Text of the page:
Light Up Arlington: More Than Just Fireworks
By Office of Communication
Posted on July 05, 2013, July 05, 2013

For reasons made perfectly clear during his 20-minute act of dousing fire sticks with his mouth, Aaron Stone doesn't perform outside much in the summer, in Texas, in 90-degree heat, as he did Wednesday during Light Up Arlington. The fire sticks he puts in his mouth while dozens of onlookers gasps shouldn't even be lit in such extreme heat.

Yet Stone was a major attraction Wednesday, and it made clear again this year during the annual Fire Works tribute to Independence Day that watching the multiple explosions color the sky may be the big kahuna, but is far from being the only reason worth braving the thousands who pack downtown each year.

"Let me see," said Carol Mendy of Arlington, "I've had Coney dog and chips, my son has been on a horse and train, I've listened to music, had my face painted, his face painted, bought some jewelry . . . we've done all that and the fireworks haven't even happen yet."

Light Up Arlington gets bigger and better every year, its organizers from the Parks and Recreation Department say, which means more people are returning to do more. Part of the reason is how early they often get downtown to get the two big spots: parking and fireworks space.

"We've got this down to a science," said Michael Wallmann, who attended the festivities with his wife, Julie, and three sons ages 6, 9 and 10. The Wallmanns get there no later than 5:30 to find a parking space and map out a "home base" where they ate dinner and hit the kid stuff from bounce houses to animal petting.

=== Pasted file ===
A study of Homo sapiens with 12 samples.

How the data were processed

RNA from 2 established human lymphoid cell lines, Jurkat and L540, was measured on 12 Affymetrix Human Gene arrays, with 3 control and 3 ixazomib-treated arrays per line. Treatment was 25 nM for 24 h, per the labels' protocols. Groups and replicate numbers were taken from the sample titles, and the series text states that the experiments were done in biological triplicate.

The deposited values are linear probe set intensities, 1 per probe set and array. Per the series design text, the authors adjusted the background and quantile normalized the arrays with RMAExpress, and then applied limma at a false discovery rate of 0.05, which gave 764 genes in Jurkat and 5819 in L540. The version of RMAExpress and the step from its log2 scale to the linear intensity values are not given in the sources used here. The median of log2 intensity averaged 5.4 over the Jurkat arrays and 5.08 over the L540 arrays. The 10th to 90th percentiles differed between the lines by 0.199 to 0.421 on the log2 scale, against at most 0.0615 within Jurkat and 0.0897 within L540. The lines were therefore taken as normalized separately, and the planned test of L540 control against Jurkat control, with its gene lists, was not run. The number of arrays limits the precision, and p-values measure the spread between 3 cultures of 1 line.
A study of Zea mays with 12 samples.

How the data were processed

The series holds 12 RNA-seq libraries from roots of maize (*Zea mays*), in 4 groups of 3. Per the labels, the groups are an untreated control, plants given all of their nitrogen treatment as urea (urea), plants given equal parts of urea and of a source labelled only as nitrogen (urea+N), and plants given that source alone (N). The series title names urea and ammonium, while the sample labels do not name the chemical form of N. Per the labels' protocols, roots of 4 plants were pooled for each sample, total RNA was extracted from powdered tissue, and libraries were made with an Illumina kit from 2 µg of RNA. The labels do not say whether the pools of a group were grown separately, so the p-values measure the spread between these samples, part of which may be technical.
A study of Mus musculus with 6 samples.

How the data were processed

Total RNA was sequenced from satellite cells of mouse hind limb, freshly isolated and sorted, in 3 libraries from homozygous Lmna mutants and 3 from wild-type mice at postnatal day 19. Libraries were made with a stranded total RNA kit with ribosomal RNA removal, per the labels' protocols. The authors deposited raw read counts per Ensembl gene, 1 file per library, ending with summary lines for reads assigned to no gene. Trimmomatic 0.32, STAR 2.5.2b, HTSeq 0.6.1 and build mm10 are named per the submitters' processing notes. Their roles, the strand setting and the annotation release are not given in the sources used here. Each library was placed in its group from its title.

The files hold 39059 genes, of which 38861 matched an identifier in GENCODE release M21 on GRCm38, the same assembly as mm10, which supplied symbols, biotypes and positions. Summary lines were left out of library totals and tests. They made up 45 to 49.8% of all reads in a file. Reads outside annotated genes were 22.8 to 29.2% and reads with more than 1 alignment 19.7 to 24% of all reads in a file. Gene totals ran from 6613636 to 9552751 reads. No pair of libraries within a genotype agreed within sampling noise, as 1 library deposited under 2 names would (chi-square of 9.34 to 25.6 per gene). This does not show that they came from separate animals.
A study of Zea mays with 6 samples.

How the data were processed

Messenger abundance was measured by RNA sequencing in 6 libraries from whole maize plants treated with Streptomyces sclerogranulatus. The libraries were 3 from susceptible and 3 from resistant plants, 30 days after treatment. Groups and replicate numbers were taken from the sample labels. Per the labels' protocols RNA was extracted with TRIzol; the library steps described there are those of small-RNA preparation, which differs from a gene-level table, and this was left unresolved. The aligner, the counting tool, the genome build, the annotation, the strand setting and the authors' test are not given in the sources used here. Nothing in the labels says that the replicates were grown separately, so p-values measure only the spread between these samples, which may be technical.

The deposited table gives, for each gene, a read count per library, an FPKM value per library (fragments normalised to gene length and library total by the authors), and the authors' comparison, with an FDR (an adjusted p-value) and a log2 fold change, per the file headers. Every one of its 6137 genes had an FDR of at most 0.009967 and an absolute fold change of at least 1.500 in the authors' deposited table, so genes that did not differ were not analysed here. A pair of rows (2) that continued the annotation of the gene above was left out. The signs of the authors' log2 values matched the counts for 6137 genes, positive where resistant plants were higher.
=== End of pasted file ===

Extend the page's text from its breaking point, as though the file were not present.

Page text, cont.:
"Really family oriented," Wallmann said. "Gotta keep the kids busy until the fireworks. The only time we sit is when we're eating dinner, and they're so excited to be here that takes, oh, about 30 seconds."

Judith Harper and her sister have a master plan as well, which meant not getting there until close to 9, and "praying to the parking gods" for a space. It worked fine Wednesday. Listening to the bands and hitting the vendors are their thing. The Spazmatics, Velvet Love Box and Atlanta Rhythm Section all took the stage. The fireworks are starting by the time they're done.

"We've been doing this, what, three years now?" Harper asked her boyfriend, who looked puzzled before saying, with a smile, that it was her other boyfriend she attended the first two with. Harper went on. "Anyway, the trick is getting here with just enough time to have some fun and find a space for fireworks. We don't need anything. We just stand so we can rush to the car right after the climax."

For Stone the performer, he works steadily until the fireworks when he can pack up and call it a night. "Doing this outdoors is crazy," he said, wiping sweat from his face with a towel. "I'm usually indoors. This is the one time I come outside in the heat. I love performing at this venue that much."